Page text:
The new legislation establishes the Pooled Registered Pension Plan (“PRPP”) as another tool for Ontario workers – both employees and self-employed – to save for retirement. As a voluntary and relatively low-cost scheme, PRPPs may also be a helpful option for small and medium-sized businesses, for whom the operation of a full pension plan may be too onerous.
In passing its own PRPP legislation, Ontario signalled its intention to join the Multilateral Agreement Respecting Pooled Registered Pension Plans and Voluntary Savings Plans (“Multilateral Agreement”), a tool designed to ensure consistency in PRPP legislation (and Voluntary Savings Plan legislation in Quebec) across the country. Doing so is logical given that the Multilateral Agreement’s members’ PRPP legislation largely incorporates the federal PRPP Act and Regulations by reference. The Multilateral Agreement’s members include British Columbia, Saskatchewan, Quebec, Nova Scotia and, now, Ontario.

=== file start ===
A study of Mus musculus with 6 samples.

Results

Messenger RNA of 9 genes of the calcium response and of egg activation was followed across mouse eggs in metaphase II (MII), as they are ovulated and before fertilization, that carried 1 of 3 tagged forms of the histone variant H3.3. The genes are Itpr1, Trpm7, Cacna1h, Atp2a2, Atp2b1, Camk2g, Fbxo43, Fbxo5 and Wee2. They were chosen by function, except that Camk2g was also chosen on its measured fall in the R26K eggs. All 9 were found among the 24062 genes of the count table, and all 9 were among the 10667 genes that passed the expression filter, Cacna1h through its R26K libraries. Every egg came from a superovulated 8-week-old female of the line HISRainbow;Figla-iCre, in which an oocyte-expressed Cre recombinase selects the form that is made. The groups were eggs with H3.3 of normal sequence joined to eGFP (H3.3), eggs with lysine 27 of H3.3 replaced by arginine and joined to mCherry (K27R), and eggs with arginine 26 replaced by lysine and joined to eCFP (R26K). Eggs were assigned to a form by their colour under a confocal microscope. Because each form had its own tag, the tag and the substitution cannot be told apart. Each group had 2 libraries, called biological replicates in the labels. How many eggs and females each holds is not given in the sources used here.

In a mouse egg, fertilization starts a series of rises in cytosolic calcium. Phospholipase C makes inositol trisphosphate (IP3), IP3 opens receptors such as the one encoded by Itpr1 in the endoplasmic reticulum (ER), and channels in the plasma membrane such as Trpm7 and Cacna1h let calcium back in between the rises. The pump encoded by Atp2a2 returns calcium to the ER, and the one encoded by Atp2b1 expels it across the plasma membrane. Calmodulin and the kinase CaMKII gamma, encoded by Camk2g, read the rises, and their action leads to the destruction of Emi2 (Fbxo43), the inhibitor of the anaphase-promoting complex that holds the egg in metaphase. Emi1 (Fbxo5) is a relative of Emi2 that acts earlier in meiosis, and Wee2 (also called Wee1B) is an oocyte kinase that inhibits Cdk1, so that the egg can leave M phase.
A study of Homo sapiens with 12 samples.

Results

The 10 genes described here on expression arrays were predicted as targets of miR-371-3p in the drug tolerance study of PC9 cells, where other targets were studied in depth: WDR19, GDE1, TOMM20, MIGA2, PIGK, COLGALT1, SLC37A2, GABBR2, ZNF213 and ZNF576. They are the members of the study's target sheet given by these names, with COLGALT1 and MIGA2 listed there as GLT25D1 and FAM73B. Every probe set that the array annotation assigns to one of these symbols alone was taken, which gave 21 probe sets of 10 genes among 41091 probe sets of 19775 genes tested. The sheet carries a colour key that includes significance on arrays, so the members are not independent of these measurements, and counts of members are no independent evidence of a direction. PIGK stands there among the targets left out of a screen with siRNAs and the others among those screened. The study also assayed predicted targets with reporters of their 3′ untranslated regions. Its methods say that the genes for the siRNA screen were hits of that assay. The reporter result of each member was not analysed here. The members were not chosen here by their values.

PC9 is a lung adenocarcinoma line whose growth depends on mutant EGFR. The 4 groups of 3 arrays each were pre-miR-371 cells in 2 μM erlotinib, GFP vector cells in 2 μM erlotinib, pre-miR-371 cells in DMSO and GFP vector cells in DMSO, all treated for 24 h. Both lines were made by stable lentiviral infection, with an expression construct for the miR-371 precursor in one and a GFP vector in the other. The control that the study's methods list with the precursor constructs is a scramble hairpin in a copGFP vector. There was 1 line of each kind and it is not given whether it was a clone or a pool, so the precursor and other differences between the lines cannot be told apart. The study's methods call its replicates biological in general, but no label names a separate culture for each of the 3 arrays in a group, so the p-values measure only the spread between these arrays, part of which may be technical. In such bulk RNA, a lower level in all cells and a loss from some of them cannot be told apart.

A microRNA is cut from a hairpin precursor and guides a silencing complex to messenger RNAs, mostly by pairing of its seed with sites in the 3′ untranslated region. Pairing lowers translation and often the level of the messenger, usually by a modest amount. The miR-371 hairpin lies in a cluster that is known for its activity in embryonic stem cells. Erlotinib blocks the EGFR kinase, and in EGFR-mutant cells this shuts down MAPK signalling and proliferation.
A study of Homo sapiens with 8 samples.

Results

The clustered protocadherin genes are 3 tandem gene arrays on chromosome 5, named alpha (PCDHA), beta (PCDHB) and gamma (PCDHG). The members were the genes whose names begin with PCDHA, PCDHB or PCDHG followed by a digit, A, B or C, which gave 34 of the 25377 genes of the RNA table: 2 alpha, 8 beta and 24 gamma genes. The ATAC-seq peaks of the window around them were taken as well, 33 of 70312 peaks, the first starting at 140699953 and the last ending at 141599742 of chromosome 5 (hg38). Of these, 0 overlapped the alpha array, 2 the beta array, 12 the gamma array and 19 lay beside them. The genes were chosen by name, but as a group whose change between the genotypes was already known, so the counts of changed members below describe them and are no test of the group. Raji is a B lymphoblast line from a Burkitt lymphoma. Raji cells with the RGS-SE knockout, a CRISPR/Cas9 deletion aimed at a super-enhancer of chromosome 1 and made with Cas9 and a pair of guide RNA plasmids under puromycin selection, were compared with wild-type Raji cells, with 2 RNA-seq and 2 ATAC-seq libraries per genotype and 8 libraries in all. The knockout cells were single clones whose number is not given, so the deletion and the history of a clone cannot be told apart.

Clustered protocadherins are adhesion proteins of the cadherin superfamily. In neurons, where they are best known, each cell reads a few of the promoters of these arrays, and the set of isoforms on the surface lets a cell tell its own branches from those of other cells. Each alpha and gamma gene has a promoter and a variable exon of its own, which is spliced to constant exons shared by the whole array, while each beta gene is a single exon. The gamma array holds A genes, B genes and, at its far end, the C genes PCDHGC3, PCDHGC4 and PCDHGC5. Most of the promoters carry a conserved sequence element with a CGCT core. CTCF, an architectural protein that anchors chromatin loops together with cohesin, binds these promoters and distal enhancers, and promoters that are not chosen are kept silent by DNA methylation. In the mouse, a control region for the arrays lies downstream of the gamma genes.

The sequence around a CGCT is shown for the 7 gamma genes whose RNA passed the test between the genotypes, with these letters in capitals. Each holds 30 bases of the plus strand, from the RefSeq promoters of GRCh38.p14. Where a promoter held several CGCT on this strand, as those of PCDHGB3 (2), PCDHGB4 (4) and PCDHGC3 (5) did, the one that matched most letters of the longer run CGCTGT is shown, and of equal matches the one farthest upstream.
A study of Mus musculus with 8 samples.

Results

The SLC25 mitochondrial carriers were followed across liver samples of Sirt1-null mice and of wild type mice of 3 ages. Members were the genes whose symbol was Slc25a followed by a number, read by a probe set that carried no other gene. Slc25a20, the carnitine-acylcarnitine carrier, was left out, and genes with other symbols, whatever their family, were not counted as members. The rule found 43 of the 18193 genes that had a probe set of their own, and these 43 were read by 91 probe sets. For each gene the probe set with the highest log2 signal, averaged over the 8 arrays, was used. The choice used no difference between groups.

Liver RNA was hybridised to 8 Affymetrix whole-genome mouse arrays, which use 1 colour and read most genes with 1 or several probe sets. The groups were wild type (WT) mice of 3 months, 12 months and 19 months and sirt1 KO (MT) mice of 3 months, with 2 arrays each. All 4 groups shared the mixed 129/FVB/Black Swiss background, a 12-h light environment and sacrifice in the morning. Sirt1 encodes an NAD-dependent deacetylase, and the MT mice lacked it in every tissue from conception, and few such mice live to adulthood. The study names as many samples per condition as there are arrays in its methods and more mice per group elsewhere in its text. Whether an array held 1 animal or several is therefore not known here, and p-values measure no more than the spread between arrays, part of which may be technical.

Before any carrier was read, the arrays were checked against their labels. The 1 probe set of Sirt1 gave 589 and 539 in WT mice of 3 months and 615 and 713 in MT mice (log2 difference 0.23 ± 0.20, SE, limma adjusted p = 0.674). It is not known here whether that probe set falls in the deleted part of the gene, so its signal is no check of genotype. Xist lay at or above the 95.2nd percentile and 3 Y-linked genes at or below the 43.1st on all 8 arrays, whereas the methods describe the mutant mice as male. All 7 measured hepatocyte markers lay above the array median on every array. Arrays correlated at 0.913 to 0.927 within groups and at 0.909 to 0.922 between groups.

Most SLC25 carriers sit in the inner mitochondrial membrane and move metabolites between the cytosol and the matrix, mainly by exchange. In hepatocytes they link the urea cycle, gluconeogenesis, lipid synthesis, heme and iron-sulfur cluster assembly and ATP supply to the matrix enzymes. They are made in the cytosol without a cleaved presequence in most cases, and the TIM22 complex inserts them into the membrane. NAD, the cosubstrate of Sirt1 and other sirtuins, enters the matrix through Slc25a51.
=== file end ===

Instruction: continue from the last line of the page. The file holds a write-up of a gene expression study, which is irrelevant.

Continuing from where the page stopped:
To formally enter the Multilateral Agreement, Ontario required the federal government to amend the federal PRPP Regulations to designate Ontario and the Ontario Superintendent of Financial Service (OSFI) as a having regulatory PRPP authority within Ontario jurisdiction. It formally did so in December, 2016.
As reflected in the federal government’s Regulatory Impact Analysis Statement, the Multilateral Agreement’s members hope that it will enable further streamlining of PRPP supervision, thereby better enabling the creation of larger, multi-jurisdictional PRPPs.